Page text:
The footage shows a white man in a cowboy hat walk down the row to the aisle where protesters are leaving and sucker-punch an African-American man, later identified as Rakeem Jones.
WRAL reports that the suspect, John McGraw, 78, was charged with assault and battery on Thursday.
Moments before the attack, the protester appeared to wave a middle finger at the crowd on his way out. Men in uniforms that read “Sheriff’s Office ” were leading the protesters away.
Jones accused Cumberland County officers of failing to protect him.
“The police jumped on me like I was the one swinging," he told The Washington Post.
“My eye still hurts. It’s just shocking."
Inside Edition tracked down McGraw after the rally and asked him if he liked the rally. “You bet I liked it. Knocking the hell out of that big mouth," McGraw said.
Asked why he punched the protester, McGraw told Inside Edition, "Number one, we don’t know if he’s ISIS."
"We don’t know who he is, but we know he’s not acting like an American," McGraw went on. "The next time we see him, we might have to kill him."
An official from the Cumberland County Sheriff’s Office defended the deputies' actions at the rally on Wednesday.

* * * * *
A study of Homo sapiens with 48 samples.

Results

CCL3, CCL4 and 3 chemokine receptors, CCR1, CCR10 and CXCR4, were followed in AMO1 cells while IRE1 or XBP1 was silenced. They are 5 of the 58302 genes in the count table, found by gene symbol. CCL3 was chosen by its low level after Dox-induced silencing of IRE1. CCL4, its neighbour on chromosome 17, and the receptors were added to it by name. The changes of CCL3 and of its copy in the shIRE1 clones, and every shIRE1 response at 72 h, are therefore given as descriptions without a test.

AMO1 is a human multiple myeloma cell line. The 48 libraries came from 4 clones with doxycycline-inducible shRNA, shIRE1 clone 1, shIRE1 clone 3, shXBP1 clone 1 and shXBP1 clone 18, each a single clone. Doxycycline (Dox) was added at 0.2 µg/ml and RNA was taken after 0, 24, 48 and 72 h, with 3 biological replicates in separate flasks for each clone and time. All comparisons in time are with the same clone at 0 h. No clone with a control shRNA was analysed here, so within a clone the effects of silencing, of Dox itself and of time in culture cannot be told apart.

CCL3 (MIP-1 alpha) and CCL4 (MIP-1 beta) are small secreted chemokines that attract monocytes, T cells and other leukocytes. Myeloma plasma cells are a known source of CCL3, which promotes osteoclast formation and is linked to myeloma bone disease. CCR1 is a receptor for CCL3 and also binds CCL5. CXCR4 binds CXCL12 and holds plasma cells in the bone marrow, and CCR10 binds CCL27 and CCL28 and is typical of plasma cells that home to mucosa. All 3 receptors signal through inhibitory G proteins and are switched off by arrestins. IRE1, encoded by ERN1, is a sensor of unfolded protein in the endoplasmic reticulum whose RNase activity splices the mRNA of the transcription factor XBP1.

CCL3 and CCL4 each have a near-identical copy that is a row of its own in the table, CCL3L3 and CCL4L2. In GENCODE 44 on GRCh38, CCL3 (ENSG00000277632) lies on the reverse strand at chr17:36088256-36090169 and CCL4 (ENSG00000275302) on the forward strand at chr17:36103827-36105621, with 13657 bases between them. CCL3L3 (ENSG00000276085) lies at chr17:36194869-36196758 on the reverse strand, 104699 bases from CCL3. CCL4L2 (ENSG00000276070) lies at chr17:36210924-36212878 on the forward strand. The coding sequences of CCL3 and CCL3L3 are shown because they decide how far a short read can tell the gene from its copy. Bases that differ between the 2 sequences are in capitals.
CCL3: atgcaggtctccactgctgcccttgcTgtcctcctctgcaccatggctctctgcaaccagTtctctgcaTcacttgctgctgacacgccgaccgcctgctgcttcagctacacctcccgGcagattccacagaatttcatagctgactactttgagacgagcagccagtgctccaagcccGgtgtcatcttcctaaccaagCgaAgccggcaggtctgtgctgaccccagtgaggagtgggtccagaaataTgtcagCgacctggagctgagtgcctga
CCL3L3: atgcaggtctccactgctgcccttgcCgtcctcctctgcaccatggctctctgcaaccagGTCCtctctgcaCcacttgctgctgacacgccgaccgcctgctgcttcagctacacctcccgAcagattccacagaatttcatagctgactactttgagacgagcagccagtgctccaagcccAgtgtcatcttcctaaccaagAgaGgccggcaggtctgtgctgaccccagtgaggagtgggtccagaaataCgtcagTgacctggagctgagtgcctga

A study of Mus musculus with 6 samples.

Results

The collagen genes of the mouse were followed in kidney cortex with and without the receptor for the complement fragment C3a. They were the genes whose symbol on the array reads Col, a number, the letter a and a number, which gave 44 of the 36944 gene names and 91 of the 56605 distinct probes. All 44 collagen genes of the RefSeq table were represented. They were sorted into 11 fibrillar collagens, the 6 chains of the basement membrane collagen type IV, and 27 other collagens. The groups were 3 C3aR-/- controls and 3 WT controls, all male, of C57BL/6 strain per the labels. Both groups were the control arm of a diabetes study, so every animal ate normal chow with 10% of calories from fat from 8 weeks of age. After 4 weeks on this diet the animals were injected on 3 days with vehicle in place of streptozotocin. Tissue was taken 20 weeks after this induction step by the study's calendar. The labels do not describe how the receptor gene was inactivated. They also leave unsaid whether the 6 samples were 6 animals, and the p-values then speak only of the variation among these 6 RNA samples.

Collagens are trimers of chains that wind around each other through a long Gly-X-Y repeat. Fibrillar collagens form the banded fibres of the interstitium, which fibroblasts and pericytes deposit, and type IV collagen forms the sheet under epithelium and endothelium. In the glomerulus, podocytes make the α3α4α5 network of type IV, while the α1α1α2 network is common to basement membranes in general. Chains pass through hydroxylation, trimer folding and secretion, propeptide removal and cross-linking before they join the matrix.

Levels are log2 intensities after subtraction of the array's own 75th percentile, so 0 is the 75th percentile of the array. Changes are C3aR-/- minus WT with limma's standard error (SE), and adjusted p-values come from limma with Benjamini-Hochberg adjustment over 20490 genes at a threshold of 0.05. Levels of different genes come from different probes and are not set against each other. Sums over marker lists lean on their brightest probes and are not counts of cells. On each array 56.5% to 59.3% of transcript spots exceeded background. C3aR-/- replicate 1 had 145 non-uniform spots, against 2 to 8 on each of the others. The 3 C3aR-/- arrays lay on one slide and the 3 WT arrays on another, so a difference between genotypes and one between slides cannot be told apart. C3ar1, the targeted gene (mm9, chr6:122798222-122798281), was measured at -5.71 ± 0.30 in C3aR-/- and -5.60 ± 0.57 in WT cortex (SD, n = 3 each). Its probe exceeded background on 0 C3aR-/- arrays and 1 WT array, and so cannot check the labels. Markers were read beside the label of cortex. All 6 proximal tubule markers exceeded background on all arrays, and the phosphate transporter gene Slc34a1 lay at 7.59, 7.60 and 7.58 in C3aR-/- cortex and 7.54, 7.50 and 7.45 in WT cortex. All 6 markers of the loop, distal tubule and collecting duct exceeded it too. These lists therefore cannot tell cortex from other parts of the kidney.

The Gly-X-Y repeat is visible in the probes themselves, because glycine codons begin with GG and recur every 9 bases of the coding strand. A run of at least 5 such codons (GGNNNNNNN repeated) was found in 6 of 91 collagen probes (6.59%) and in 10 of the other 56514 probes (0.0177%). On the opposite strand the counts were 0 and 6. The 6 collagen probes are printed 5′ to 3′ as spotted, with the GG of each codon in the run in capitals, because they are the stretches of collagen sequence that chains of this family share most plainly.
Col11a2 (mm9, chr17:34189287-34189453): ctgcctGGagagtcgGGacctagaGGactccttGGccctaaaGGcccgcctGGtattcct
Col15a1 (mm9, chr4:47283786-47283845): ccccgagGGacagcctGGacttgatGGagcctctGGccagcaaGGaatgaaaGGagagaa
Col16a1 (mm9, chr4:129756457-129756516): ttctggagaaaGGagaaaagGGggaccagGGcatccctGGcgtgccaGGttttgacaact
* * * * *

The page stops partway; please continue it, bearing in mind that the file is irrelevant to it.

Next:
"Our mission was to make sure all the 14,000 people stay safe, to separate protesters from supporters and to exit them as quickly as possible. What we did was to de-escalate the situation," Sgt. Sean Swain told The Huffington Post.
Swain also cautioned not to take a "10-second video out of context," referring to a moment where Jones is lying on the ground with deputies surrounding him, adding that "you don't know whether he fell or whether he was taken to the ground."
"When we look at all the video, we'll make final determination what took place," he said.
The sheriff's office has denied its officers detained the protester.
Democratic presidential candidate Hillary Clinton said she was "appalled" by the incident.
“Count me among those who are truly distraught and even appalled by a lot of what I see going on, what I hear being said," Clinton said in a new interview with MSNBC's Rachel Maddow, a segment of which was previewed Thursday on the network. "You don't make America great by, you know, dumping on everything that made America great, like freedom of speech and assembly and, you know, the right of people to protest."
Sen. Bernie Sanders (I-Vt.) called the violence an "ugly incident" that no one should face at a political rally. "Mr. Trump should take responsibility for addressing his supporters' violent actions," Sanders said in a statement.
Igor Bobic contributed reporting.
This article has been updated with comment from a sheriff's spokesman, Hillary Clinton and Bernie Sanders, as well as information about the suspect.